Every health system in the developed world is facing the challenge of inexorably spiralling costs. This is fuelled by longer life expectancy and the need for more care in our last few years of life; a rising prevalence of long term conditions such as diabetes because of the lifestyles we lead; and advancing technology that discovers new ways of treating people.
Moving towards universal access – ensuring that health systems contribute to health equity, social justice and the end of exclusion
Re-organising health services around people’s needs and expectations – making them more socially relevant and more responsive to the changing world
Securing healthier communities – by integrating public health actions with primary care, by pursuing healthy public policies across sectors
More inclusive, participatory, negotiation-based leadership – indicated by the complexity of contemporary health systems
In our view the four WHO themes are guiding systems towards a centre ground – Structured Pluralism – where increasingly the overarching policy and strategy is set by the state, with separate bodies for regulation, finance and purchasing and a mixed economy of private and public provision. No one model is right but systems are striving to balance the public or social model to ensure coverage, equity and integration with the benefits of market competition and patient choice to drive up quality and keep down costs.
However, there is patchy and conflicting evidence around the world about the impact some of these reform trends are having on productivity and affordability overall. In addition, key measures of the determinants of ill health, such as the rise in adult and childhood obesity in the developed and developing worlds are not improving as fast as needed to prevent spiralling costs.
Without significant improvements in productivity, and efforts to tackle key determinants of ill health, even higher levels of funding will be needed over the next two decades to deliver the high-quality services that citizens expect.
This is a fundamental challenge that has been facing all health systems for some time. The current economic crisis just means that we will have to deal with this challenge rather more swiftly and decisively.
So how can health system planners, payers and providers ensure that productivity begins to rise significantly to avoid the current course towards unaffordable health services?
We believe that focusing on four key areas will make a real difference in improving productivity:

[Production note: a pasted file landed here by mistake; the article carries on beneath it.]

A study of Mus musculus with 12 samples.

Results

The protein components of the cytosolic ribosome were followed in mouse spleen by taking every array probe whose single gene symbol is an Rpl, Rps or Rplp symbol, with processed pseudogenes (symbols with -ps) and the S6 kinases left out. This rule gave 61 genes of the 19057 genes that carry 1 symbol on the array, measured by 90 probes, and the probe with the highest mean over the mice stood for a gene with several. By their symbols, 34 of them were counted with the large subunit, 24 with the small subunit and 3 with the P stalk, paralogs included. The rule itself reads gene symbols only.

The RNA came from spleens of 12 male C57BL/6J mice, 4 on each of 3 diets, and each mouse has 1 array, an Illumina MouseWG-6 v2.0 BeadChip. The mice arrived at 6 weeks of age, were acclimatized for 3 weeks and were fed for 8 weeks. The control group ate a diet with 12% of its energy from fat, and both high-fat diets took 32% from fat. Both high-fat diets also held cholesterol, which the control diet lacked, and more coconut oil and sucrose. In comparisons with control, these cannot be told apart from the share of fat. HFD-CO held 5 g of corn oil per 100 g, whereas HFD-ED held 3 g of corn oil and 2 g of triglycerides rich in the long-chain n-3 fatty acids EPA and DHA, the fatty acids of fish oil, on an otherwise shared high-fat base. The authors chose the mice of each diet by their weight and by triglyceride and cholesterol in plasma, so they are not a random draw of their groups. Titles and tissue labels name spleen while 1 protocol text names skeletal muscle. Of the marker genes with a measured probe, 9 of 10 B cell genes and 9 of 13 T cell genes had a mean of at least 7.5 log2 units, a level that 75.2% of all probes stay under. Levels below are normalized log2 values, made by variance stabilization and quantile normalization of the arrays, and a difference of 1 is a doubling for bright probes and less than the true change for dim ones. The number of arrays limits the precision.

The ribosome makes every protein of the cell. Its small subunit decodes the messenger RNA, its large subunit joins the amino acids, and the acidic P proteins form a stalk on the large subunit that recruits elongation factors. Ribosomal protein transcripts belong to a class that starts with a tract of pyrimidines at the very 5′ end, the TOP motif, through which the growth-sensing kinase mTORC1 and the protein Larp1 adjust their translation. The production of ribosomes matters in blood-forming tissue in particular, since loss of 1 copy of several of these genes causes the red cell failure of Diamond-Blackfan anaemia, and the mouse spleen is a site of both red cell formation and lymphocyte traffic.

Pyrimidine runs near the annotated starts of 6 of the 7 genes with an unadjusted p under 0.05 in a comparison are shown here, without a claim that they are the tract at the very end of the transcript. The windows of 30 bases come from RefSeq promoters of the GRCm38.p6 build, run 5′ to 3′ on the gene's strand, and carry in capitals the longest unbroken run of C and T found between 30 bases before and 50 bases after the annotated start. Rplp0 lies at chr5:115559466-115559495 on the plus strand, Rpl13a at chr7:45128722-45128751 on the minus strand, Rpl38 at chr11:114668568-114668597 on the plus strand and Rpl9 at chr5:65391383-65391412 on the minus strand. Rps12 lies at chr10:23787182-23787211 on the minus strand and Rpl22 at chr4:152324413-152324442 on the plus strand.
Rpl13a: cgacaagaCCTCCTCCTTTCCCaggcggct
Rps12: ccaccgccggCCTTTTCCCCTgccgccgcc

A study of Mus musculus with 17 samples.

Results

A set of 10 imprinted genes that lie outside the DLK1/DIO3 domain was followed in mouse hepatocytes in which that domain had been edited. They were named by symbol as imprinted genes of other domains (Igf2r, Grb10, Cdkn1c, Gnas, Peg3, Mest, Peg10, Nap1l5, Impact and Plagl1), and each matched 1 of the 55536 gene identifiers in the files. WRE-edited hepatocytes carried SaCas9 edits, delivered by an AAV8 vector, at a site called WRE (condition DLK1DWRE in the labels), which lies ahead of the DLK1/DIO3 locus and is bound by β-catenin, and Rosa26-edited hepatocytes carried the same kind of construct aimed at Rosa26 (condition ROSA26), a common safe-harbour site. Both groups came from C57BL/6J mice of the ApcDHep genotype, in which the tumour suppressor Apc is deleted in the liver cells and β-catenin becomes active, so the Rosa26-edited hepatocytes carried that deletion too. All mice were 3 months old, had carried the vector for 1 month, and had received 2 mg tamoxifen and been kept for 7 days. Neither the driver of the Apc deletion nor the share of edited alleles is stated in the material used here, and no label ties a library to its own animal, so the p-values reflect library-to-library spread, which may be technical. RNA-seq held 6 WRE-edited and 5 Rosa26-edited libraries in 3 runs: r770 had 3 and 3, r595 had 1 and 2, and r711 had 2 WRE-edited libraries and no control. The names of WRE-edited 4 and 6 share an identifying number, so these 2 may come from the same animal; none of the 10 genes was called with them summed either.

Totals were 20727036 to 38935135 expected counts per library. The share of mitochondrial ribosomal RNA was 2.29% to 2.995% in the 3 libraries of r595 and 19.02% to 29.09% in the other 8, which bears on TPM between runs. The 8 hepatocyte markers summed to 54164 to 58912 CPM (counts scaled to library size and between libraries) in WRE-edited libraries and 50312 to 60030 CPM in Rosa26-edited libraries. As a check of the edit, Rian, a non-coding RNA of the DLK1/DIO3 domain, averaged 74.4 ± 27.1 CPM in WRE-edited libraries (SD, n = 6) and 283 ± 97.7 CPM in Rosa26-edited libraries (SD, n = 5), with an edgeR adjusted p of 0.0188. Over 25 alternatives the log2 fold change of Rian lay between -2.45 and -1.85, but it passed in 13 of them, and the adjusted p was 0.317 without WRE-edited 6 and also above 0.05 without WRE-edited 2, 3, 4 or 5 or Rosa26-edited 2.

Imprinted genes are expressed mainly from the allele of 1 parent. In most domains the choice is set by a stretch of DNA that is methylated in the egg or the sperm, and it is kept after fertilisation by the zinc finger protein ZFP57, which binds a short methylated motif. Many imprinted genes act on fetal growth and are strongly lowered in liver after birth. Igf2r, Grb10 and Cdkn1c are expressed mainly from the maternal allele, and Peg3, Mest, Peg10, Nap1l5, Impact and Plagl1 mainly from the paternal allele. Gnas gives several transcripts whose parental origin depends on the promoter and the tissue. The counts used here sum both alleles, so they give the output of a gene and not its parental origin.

Ensuring that clinicians and frontline staff are at the forefront of the drive for enhancing quality and productivity – too many health organisations are dominated by siloed, top down cultures and professional rivalries. A new level of trust needs to be developed between leaders and front line staff, between managers and clinicians, and between different professional groups
Harnessing the natural power of peer pressure by improving the design, and sharing of productivity metrics to help focus on the real priorities – we know many ways to improve health system efficiency, but we implement few of them. One reason is the lack of detailed understanding about relative performance. There are no perfect metrics for productivity, but there are many useful metrics that, together, can help monitor relative performance and improvement.
Engaging the public in the debate about health care reform will be critical to success – the next few years will require us to look very hard at the way in which we deliver health services. This will mean some tough decisions to change or even close some services
Improving the design, visualisation and dissemination of productivity and performance information to enhance the impact – a well defined and visualised set of relevant metrics would be a major contribution to improving the process. Highlighting the extent of variation in productivity and identifying the best and worst performers can be a major spur to improvement efforts
To discuss how new and emerging governance models can positively affect productivity in the new healthcare landscape please contact us.